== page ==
The Nets and Knicks don’t seem to be taking extra incentive in their cross-river rivalry. Their dire standings situations will be motivation enough Sunday.
It’s easy to see how one team — or both — could be flat for the nationally televised game at Barclays Center (1 pm, ABC). The Knicks will be on the last leg of a grueling seven-game road trip. The Nets will be coming off an emotional win in Philadelphia, having faced ex-teammate James Harden and the fans’ hate of new Net Ben Simmons.
But the two teams’ desperate positions in the play-in race (the Nets entered Saturday eighth in the East, the Knicks 12th with 15 games left, including Sunday) mean neither can afford a hangover.
“The urgency is there’s 15 games,” Nets guard Patty Mills said. “We’ve just played three games with almost all of our pieces. There’s enough reasons for us to have the urgency to be able to string these games together.
“Like I said, the Holy Grail is a championship, and time isn’t on our side but we have enormous opportunity here with these 15 games coming up to keep on getting better. These three games were great, now we get to come home — where we haven’t been great at home all year — to be able to build on that. So does it help [to play a rival]? Perhaps. But I don’t think it’s a factor.”
The Nets were 2 ½ games behind Toronto pending the Raptors’ game Saturday night at Denver, and 1 ½ clear of both No. 9 Charlotte and No. 10 Atlanta.
The Knicks’ six-game trek across all four time zones is over but, technically, not their road games.
When the Knicks (28-39) visit the Nets, they’ll be playing their seventh straight game away from the Garden, but it’s a “road game” in name only.
Per usual, there will be plenty of Knicks fans stuffed inside Barclays Center. James Dolan’s franchise still dominates the market.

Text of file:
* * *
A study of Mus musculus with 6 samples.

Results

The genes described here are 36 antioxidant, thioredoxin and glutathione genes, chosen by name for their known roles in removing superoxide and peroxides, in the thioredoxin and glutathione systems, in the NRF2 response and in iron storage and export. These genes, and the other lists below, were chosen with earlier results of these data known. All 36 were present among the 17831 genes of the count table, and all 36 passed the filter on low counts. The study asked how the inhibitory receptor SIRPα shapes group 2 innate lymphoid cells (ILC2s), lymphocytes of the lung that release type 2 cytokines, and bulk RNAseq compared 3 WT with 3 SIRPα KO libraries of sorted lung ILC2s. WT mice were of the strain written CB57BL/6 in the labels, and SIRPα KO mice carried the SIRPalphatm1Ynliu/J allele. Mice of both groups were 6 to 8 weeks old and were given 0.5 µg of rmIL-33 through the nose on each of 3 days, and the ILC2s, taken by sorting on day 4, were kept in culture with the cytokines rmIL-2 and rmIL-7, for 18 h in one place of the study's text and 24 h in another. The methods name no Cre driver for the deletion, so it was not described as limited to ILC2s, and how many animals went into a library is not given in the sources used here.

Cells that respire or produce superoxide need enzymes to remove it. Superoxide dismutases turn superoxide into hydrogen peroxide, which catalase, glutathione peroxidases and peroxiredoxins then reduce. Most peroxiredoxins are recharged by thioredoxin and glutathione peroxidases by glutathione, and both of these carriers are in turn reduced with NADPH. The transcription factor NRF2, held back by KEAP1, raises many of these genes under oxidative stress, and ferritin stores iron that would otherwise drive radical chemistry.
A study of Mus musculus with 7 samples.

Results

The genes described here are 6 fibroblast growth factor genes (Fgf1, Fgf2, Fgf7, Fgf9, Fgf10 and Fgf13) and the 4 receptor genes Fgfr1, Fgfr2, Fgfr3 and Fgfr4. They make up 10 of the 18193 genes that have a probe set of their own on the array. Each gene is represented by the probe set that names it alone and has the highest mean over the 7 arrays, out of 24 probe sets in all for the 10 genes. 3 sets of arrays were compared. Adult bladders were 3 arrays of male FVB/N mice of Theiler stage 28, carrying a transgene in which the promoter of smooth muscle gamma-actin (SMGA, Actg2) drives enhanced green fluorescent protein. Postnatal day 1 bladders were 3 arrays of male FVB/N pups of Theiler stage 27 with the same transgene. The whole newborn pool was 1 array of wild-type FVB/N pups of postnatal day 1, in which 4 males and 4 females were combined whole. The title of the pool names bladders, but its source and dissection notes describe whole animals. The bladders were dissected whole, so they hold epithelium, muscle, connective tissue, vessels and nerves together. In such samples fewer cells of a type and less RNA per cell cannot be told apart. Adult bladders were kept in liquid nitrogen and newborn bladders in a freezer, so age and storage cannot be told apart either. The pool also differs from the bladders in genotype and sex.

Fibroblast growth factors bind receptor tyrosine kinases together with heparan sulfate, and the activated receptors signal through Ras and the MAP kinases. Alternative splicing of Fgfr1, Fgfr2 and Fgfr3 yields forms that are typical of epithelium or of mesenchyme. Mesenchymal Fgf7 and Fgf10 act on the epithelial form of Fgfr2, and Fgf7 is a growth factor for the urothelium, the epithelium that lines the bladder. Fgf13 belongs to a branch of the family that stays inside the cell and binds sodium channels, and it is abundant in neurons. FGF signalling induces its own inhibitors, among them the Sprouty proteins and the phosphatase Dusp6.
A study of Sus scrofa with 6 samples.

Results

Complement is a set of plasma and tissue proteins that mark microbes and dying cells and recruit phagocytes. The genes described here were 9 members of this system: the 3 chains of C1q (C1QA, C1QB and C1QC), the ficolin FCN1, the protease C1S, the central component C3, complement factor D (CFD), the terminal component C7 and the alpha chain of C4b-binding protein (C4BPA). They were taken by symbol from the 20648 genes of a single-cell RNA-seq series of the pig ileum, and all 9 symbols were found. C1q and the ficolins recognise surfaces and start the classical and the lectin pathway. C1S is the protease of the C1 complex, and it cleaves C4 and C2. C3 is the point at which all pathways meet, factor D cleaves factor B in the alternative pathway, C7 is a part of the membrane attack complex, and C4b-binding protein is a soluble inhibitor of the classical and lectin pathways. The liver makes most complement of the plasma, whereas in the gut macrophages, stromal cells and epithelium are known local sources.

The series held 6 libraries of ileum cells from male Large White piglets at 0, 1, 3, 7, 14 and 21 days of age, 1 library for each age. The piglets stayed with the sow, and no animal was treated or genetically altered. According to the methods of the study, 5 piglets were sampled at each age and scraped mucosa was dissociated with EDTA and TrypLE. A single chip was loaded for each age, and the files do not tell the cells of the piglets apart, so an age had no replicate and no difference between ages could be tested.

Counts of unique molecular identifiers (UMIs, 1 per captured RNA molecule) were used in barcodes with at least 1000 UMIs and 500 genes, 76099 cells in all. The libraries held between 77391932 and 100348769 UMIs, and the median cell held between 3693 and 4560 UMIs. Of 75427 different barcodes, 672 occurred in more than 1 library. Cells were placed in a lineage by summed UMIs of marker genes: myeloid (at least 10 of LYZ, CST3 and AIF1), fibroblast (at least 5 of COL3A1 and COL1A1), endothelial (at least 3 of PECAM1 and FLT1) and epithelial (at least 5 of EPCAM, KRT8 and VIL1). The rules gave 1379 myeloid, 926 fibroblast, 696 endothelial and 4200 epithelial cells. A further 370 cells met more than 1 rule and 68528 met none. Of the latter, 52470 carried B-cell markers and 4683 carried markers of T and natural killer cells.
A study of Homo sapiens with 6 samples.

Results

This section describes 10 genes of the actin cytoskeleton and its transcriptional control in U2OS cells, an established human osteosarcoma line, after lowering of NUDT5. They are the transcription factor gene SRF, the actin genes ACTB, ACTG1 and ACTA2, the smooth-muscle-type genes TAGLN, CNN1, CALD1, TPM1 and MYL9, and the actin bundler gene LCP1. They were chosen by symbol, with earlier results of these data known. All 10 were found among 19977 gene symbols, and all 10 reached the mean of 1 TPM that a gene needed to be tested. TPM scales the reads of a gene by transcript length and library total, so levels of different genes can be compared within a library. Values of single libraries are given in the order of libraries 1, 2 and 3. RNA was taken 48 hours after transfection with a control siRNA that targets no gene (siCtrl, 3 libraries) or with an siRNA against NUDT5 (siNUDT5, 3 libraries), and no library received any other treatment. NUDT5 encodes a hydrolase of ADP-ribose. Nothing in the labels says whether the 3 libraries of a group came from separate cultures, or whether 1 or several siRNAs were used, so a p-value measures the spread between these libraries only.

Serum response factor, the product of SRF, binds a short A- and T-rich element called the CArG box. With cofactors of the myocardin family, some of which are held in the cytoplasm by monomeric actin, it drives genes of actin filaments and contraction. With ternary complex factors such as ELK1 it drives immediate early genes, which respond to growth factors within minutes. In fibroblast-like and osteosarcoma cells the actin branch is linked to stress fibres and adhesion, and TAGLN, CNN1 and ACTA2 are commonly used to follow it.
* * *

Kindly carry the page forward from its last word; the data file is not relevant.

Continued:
But that won’t be a guarantee of dominating the game. The Knicks flew back from Memphis, landing in the wee hours of Saturday morning, and will lose an hour for the clock change before the matinee in Brooklyn.
The Nets are coming off an evisceration of the 76ers behind Kyrie Irving and Kevin Durant, but won’t have Irving because he won’t get vaccinated. Simmons also won’t play because the newcomer isn’t ready to compete yet.
The Knicks are a respectable 3-3 on the trip, but there’s no margin for error with 15 games left. The three-game winning streak could’ve been a season-high four had they simply protected a 15-point third-quarter lead at Memphis on Friday, instead of being run out of the building by Ja Morant’s blue band. Instead, the Knicks fell 4 ½ games out of the play-in behind the Hornets and Hawks.
“We’re playing the top of the league,” Knicks coach Tom Thibodeau said of their road trip. “We’re doing a lot of good things, and we’re learning a lot. We have to keep improving. And so the next challenge in Brooklyn.
“And they’re coming off a huge win. And they’re sitting on a couple days rest. … We have to be ready every night in this league. That’s why toughness is so important.”
Asked if he saw the Nets’ slaughter of the Sixers on Thursday, Thibodeau said: “I watched a little bit of it. Any team that has that high level of talent you know how good they are. You watch that game and you look at the three guys that Philly has and the guys that Brooklyn has, that’s high-end. That’s tough.”
RJ Barrett lamented the Knicks’ inability to close out games in which they had big leads. That cost them at Memphis and in their last meeting with the Nets.
“We had a good road trip,” Barrett said. “I feel like we’ve been playing very well, also going against the top teams. We’ve given them a run for their money, just with us learning to continue to figure out how to close out games. That’s all we’re gonna try to do.”
They’ll hope to do it better than their Feb. 16 game against the Nets, when they blew a 28-point lead in the Garden. Rookie Cam Thomas had 16 of his 21 points in the fourth quarter to lead a Nets win, and is eyeing another shot at their rivals.
“I’m looking forward to it,” Thomas told The Post.